Acacia ants, in the genus Pseudomyrmex, and their acacia tree hosts, are a terrific example of coevolution between plants and insects. While yellow flowers and many species demonstrate a loose form of the coevolution between generalized pollinators and a large range of plants, the coevolution in this case is very specific, although there are other examples of Acacias with ants that have a looser association.
The species depicted here are likely Acacia cornigera and Pseudomyrmex ferruginea, native to Mexico and Central America. These photos were taken at Palo Verde National Park in Costa Rica.
While some instances of coevolution may be hard to demonstrate for certain, this case is definitive. First, a common name of this acacia species, bullhorn acacia, refers to the extremely large, swollen thorns shown here. The horns also happen to be hollow, and provide perfect chambers for nesting ants. (An ant on the left thorn can be seen entering a hole in it.)
Next, the tree provides food for the ants in two forms. The first is nectar, but this is not the generalized nectar production of flowers attracting pollinators. The acacia nectar is provided from extrafloral nectaries, found actually on the leaf petioles, as shown here (slightly out of focus). Because of the location and size of these nectaries, it is clear that the trees are obtaining a benefit apart from pollination.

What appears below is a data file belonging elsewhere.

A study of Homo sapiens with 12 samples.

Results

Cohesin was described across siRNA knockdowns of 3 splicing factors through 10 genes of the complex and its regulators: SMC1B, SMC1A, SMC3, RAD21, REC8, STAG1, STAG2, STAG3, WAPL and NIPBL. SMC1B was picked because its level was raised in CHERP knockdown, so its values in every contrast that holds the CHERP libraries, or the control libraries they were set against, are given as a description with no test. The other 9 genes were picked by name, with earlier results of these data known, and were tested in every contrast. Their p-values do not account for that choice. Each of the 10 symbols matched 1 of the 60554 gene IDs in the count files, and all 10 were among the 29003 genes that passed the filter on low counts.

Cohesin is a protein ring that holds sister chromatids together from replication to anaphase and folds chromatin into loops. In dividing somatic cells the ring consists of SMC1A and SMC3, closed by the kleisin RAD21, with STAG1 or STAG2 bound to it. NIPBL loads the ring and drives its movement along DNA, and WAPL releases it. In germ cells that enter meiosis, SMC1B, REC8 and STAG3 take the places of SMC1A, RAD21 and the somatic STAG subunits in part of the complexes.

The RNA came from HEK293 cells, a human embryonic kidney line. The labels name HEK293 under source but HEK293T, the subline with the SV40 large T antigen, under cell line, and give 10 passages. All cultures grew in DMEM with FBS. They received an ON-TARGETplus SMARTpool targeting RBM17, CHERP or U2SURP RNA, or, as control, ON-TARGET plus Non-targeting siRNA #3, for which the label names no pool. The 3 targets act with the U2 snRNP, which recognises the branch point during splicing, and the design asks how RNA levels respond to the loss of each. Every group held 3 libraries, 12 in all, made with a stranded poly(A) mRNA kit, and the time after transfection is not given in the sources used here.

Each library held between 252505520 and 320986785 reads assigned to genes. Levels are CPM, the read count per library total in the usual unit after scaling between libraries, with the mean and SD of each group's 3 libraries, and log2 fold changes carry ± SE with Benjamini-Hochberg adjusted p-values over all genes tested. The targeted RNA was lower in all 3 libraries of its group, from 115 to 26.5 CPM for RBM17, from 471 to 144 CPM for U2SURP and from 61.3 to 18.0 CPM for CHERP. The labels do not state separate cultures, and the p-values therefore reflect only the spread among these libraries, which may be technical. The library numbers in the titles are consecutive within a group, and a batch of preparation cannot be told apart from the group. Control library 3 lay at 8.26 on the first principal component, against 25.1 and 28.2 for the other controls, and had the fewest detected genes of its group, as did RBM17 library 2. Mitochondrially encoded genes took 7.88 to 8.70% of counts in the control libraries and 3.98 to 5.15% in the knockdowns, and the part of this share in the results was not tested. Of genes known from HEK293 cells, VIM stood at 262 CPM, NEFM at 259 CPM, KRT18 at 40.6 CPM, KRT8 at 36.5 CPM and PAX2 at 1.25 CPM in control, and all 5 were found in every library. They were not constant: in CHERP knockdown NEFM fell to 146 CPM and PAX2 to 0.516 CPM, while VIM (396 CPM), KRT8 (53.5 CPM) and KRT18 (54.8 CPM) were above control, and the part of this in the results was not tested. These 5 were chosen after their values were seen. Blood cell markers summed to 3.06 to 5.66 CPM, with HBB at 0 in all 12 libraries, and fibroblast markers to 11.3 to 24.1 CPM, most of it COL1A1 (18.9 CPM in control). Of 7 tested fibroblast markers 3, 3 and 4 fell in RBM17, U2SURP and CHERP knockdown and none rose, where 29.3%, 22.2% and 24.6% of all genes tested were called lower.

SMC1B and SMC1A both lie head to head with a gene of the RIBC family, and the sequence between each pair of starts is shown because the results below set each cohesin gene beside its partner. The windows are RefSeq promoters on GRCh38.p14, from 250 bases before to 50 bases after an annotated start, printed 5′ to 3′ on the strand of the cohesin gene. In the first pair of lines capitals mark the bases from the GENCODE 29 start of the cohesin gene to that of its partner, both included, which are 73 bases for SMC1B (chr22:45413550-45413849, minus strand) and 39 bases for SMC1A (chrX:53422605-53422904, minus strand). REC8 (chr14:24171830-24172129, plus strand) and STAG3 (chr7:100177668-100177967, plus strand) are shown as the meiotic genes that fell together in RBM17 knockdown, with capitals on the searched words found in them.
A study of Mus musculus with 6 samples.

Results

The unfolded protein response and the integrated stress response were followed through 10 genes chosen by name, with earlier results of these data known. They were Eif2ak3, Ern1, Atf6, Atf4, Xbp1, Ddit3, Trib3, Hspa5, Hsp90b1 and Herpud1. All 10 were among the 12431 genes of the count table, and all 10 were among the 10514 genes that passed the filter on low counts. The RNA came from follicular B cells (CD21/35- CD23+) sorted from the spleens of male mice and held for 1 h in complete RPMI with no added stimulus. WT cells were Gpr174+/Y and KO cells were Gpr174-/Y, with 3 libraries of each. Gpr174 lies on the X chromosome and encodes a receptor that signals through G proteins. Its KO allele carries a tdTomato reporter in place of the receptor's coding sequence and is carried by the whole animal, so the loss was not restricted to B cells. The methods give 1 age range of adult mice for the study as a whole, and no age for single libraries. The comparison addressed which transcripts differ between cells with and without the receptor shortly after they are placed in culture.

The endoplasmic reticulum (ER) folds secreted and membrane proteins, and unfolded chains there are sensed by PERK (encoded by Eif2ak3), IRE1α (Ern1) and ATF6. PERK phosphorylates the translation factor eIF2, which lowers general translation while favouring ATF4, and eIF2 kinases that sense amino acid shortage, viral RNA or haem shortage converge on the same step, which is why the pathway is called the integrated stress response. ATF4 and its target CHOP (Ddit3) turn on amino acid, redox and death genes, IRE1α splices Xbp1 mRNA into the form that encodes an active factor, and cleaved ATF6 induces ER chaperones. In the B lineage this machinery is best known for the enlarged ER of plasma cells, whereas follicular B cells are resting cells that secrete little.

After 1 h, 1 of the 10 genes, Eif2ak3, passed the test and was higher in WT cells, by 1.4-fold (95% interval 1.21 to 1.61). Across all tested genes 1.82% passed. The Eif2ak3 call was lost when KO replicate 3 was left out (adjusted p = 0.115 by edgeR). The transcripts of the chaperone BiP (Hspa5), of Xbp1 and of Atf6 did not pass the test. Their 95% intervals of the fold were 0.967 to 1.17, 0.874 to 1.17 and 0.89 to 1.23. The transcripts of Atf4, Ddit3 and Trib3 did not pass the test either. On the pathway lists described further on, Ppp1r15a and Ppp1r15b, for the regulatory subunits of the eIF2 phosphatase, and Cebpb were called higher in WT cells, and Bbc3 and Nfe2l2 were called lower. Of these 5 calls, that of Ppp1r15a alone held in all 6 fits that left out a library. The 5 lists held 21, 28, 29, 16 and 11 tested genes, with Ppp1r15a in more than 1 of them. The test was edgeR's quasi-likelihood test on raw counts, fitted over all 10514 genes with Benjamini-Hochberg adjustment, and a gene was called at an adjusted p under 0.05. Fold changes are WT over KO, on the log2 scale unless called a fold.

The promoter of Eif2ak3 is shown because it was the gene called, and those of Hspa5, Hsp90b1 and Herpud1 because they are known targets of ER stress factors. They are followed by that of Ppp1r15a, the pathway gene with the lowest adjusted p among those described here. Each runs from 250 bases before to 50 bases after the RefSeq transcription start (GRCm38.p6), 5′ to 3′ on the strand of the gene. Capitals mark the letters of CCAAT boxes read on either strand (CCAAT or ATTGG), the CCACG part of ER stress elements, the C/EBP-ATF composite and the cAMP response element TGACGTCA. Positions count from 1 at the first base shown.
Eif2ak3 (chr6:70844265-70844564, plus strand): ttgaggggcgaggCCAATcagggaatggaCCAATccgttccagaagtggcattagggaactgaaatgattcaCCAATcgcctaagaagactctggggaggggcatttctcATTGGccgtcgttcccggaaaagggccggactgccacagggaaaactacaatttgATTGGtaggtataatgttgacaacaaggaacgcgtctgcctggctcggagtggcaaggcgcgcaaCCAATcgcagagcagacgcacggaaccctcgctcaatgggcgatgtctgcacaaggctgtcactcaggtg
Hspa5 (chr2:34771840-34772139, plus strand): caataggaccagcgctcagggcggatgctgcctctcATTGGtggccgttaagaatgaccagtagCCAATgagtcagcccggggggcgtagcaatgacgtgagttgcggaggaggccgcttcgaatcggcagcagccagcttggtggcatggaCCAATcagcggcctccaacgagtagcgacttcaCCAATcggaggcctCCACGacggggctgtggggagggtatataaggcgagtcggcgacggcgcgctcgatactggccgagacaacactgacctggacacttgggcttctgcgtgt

Second, the tree also produces a unique protein source for the ants called Beltian bodies (after the naturalist Thomas Belt). These extraordinary structures are produced as part of new developing leaves. When the new leaves unfold and expand, there is a Beltian body on the tip of each leaflet. These are harvested by the acacia ants and provide most of their protein. Between the nectar and the Beltian bodies, and the housing provided by the thorns, the tree provides all an ant colony’s needs.
What does the tree get in return? It gets extremely aggressive defense from herbivores, both large and small. Pseudomyrmex have one of the nastier stings in the world of Hymenoptera (the order comprising ants, bees and wasps). Any insect that alights on the tree is instantly driven away or killed, and the ants are quite effective against potential vertebrate herbivores as well — to which I can attest first hand when I made the mistake of brushing against a branch while taking these pictures.
The ants are so aggressive that they also take care of potential plant competitors, by cutting down any seedlings that sprout in the vicinity of the tree. In this photo it should be clear that the acacia in the center is sitting in a circle of bare dirt, courtesy of its ant colony.
The relationship between the acacia tree and Pseudomyrmex ants is thus a true mutualism, in which both species have a large benefit from the association.